Should Expectant Mothers Eat More Fruit?
There is no big health secret about the benefits of eating more fruit, but a new study says that expectant mothers could pass some of these benefits on to their newborns. The study says that mothers who eat more fruit during pregnancy are also more likely to give birth to children with higher cognitive function.
The study looked at existing data from 688 one-year-old children taken during the Canadian Healthy Infant Longitudinal Development (CHILD) Study. Controlling other factors which might affect learning and development—like paternal and maternal education, gestational age, and family income—the researchers used a traditional IQ scale as a model to determine, in fact, that children born to mothers who ate six or seven servings of fruit (or fruit juice) per day actually placed six or seven points higher when compared to other children.
“We know that the longer a child is in the womb, the further they develop–and having one more serving of fruit per day in a mother’s diet provides her baby with the same benefit as being born a whole week later,” explains lead study author Piush Mandhane.
Obviously, there has not been too much research on the effects of higher consumption of natural sugars—like increased risk for gestational diabetes and high birth weight—but the researchers note that eating more fruit did appear to yield positive results.
The University of Alberta Faculty of Medicine & Dentistry associate professor of pediatrics goes on to say, “It’s quite a substantial difference,” Dr. Piush Mandhane, an associate professor of pediatrics at the University of Alberta, said in a press release. “We know that the longer a child is in the womb, the further they develop — and having one more serving of fruit per day in a mother’s diet provides her baby with the same benefit as being born a whole week later.”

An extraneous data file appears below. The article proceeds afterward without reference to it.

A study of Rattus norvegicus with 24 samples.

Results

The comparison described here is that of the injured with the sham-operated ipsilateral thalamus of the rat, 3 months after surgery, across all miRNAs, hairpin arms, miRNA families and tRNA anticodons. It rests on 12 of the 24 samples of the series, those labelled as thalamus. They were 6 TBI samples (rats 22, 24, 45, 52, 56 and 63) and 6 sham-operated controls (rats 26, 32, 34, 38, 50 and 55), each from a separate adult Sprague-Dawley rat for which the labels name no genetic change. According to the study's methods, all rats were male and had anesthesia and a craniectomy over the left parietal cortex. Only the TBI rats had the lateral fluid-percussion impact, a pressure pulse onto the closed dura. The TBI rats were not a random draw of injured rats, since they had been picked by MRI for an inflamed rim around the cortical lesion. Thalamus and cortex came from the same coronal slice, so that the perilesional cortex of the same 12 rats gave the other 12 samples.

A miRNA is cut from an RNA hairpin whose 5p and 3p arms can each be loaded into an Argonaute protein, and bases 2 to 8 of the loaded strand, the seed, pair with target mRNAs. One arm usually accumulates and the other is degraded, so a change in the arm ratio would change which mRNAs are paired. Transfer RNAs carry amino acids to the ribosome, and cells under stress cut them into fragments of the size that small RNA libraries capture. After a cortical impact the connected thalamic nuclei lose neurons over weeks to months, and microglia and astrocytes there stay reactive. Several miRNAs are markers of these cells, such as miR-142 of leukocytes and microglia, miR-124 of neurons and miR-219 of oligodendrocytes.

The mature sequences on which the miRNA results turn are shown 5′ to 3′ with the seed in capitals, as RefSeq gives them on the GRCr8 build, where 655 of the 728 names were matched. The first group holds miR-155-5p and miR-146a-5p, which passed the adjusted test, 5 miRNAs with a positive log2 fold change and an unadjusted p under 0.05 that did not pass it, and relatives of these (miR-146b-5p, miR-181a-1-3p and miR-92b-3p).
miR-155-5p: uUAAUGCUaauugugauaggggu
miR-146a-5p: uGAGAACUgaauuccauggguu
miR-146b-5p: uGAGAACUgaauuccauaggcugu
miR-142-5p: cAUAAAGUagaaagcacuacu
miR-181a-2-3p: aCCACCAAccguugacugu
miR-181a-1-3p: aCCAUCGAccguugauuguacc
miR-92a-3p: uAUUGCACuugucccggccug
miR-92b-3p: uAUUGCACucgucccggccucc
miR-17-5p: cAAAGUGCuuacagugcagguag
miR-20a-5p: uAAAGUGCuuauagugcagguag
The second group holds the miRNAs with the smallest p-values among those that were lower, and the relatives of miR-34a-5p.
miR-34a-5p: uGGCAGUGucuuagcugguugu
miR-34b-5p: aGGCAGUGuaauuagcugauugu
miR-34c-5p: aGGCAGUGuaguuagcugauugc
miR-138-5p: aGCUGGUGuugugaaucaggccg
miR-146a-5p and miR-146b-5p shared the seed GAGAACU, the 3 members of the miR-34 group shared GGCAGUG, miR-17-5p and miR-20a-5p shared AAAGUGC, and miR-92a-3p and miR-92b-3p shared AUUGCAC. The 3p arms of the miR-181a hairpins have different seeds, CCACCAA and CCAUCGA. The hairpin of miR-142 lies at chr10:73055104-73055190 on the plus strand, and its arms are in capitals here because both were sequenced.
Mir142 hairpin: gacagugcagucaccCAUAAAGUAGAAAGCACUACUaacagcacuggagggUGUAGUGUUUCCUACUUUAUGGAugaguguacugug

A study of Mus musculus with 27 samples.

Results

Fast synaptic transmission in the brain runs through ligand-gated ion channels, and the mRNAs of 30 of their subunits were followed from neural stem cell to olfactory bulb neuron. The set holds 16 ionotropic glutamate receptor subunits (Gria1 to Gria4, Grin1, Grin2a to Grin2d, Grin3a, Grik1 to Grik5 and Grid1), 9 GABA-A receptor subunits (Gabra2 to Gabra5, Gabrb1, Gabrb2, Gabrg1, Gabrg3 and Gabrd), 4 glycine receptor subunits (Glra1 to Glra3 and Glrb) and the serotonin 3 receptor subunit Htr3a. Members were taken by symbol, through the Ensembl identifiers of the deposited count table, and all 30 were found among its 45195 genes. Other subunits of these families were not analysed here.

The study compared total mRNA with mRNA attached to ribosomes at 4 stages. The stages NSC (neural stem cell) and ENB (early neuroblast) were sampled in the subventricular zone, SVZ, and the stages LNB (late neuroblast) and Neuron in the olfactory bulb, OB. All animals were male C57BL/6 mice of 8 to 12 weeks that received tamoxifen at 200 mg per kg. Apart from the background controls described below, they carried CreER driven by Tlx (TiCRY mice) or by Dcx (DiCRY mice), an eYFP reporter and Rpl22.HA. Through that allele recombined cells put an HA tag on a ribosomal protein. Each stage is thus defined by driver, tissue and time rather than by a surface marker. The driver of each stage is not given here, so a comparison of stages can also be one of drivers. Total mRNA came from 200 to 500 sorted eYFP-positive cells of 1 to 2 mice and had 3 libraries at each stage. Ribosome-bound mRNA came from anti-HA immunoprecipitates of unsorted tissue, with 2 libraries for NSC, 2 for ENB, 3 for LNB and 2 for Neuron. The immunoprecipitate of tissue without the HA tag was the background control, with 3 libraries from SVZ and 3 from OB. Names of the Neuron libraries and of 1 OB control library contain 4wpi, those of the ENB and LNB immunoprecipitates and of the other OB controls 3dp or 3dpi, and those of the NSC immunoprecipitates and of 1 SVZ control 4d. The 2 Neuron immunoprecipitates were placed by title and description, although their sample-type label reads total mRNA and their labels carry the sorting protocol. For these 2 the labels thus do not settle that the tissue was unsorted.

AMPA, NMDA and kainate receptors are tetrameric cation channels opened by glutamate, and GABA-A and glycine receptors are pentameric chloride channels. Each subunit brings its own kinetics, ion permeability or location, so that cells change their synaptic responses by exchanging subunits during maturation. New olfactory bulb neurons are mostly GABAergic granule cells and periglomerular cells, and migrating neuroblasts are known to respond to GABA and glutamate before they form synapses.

furhtermore, Mandhane continues, “We wanted to know if we could identify what factors affect cognitive development. We found that one of the biggest predictors of cognitive development was how much fruit moms consumed during pregnancy. The more fruit moms had, the higher their child’s cognitive development.”
Of course, this conclusion is only the beginning and will yield more research in the years to come to continue searching for more long-term benefits of higher fruit consumption during pregnancy. For example, this study only looked at one-year-old children, so researchers will likely continue to monitor these children to observe the potential for the continued benefits.